Guests only spend more time looking at only three things than their menus – the table, their food, and each other. In fact, it’s surprising how few things consciously catch the attention of most guests in a restaurant. Restaurant owners have to take advantage of every chance to win over a guest. But very few pour the energy and strategy they should into creating menus.
It makes sense – nobody got into this business because they’re passionate about the menus. Owners, managers, and chefs are passionate about food, hospitality, numbers, the building, or some other facet of the business. I’ve seen it time and again – the business plan that prioritizes doing what an operator does best, without considering the guest’s perspective strongly enough.
But menus are a part of the face of your business. So, take some time to replace those dog-eared, laminated menus or re-print new menu inserts. Follow a few important concepts while you’re at it.
Print Them Yourself
Menus printed on card stock from actual in-house printers have a more personal, hand-crafted feel, and let you make changes to them on-the-fly. Buying menu booklets that hold printed menus are a classy touch, but aren’t necessary. Printed card stock menus also let you personalize them for guests, advertise daily specials, or type a note for a special occasion.
However you advertise your menu items, avoid doing so on laminated, oversized paper. These get trashed quickly, have to be wiped down regularly, and have a ‘50s diner feel. Creating menus in-house implies the special touch you hope to convey throughout the experience.
Make sure your menu looks like something that could only be found at your restaurant. This means incorporating your logo on every page, using a font that can be found in your logo or building, and sticking with the business’s theme.
Menus should also highlight signature items – the ones your guests travel from all over to enjoy. The signature items have to be reflection of your best work, or the entrée you’re proudest of. It should also be something that can only (or almost only) be found at your restaurant.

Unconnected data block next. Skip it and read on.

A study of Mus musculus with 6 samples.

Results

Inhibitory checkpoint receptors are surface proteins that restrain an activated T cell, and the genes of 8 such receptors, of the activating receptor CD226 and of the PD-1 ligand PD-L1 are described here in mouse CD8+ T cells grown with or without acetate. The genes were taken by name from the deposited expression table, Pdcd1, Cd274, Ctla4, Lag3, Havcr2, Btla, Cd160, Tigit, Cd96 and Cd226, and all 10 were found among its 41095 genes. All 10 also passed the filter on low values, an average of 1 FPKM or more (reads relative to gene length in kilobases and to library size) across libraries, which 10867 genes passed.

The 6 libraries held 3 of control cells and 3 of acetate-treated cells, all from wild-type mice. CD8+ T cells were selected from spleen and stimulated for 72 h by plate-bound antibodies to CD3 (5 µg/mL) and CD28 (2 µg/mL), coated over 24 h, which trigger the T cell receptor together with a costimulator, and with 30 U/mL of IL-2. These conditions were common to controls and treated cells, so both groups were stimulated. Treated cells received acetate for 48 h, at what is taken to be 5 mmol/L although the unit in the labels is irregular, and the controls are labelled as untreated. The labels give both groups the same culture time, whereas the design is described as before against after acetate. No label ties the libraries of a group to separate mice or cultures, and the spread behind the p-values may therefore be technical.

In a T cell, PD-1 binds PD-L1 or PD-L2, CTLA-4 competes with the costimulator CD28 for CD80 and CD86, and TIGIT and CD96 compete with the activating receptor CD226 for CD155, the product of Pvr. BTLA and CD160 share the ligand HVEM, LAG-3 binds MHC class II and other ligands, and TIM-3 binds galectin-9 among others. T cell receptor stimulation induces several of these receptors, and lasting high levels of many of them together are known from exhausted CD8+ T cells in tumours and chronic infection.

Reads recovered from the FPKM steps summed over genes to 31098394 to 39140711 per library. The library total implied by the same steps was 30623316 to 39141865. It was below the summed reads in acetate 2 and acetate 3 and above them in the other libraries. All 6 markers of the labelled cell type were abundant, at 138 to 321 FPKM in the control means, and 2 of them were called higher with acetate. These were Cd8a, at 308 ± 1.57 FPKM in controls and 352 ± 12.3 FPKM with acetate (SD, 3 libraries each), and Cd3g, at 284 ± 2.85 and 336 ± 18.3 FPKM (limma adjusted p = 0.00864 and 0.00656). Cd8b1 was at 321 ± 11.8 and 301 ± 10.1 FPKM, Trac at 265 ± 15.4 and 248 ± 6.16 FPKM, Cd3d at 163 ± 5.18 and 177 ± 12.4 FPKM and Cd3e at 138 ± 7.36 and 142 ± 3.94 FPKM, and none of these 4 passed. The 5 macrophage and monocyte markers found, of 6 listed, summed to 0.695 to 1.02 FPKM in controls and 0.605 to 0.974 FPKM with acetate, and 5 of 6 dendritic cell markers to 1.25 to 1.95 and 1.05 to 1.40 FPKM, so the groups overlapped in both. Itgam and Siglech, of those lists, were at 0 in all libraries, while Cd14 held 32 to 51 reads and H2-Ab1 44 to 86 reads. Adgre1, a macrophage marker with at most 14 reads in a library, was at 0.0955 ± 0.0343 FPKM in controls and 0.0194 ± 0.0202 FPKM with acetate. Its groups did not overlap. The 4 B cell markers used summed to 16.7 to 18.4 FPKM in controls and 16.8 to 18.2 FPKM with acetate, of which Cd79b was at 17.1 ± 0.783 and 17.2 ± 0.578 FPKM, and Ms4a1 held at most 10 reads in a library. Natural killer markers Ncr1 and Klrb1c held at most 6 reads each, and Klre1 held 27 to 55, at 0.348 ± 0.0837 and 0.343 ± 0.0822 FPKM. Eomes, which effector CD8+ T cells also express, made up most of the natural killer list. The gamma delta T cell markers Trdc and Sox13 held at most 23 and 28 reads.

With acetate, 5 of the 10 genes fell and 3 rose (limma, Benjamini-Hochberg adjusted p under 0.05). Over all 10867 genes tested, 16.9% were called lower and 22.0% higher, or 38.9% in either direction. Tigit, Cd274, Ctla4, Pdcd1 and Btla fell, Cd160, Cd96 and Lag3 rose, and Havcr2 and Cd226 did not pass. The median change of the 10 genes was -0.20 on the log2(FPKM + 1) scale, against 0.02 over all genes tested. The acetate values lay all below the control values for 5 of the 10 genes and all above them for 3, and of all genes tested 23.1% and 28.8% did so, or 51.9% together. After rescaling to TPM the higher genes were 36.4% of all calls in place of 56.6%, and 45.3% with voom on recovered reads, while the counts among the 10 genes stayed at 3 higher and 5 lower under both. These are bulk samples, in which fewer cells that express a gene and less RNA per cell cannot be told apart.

Emphasize Item Placement
Item placement on a menu is overlooked by far too many restaurants. Studies suggest that people’s eyes will gravitate to the top and bottom items on any systematic list. This is where top sellers and high margin items should be located. Servers should be prepared to describe these items with mouth-watering detail.
Also, the right side of the menu is a great location for top sellers. People’s eyes gravitate upward and to the right most of the time (just ask newspaper editors). A circle or box to highlight a group of top sellers is also a great way to grab the guest’s attention.
Get Rid of the Pictures
If your menu has pictures, you should either be working at T.G.I. Fridays, a Chinese restaurant, or in the 1980s. Pictures have too many pitfalls – they’re hard to get right, they fade, and they don’t always look appetizing. Guests who want to see the food should be able to look around the dining room to see it.
Pictures on menus are like polka dots on a tie – they don’t work anymore. They also take up space, and menus should be as compact as possible.
Get Rid of the ‘$’ Signs
Believe it or not, people know the unit of currency that will be demanded as compensation for products and services rendered. Adding dollar signs simply reinforces the notion that the experience could be costly.
Instead, prices should be placed just after the item description, instead of following a long ellipsis and placed at the right margin. While the menu-maker’s at it, it’s probably time to eliminate prices ending in .95 or .99, which is a sales trick that has lost its punch.
Use Menu Inserts
Menu inserts advertising specials tell guests that something special/unique is happening today. The kitchen is an organic, evolving machine, seeking out new proteins and recipes. They also convey the sense that the features items are the best of what the restaurant has to offer. When combined with a well-trained staff, they can be a powerful tool.
Whether we all want to or not, we communicate with our guests on a daily basis. Daily specials let the manager communicate verbally. They should be articulate and aesthetically pleasing. A little theme-based font, card stock paper, and Microsoft Publisher are all anyone needs to make killer inserts.
Train Your Servers to Complement the Menu
While servers who compliment and complement the menu are both important, a well-trained staff who knows what to sell is the best merchandising tool money can buy. Servers should emphasize the items you’ve placed prominently on the menu and be able to describe why they’re great.
Servers who know what the restaurant needs to be selling are a great complementary tool for a well-designed menu. For most guests, a server who repeats what the menu is already saying can be impossible to ignore.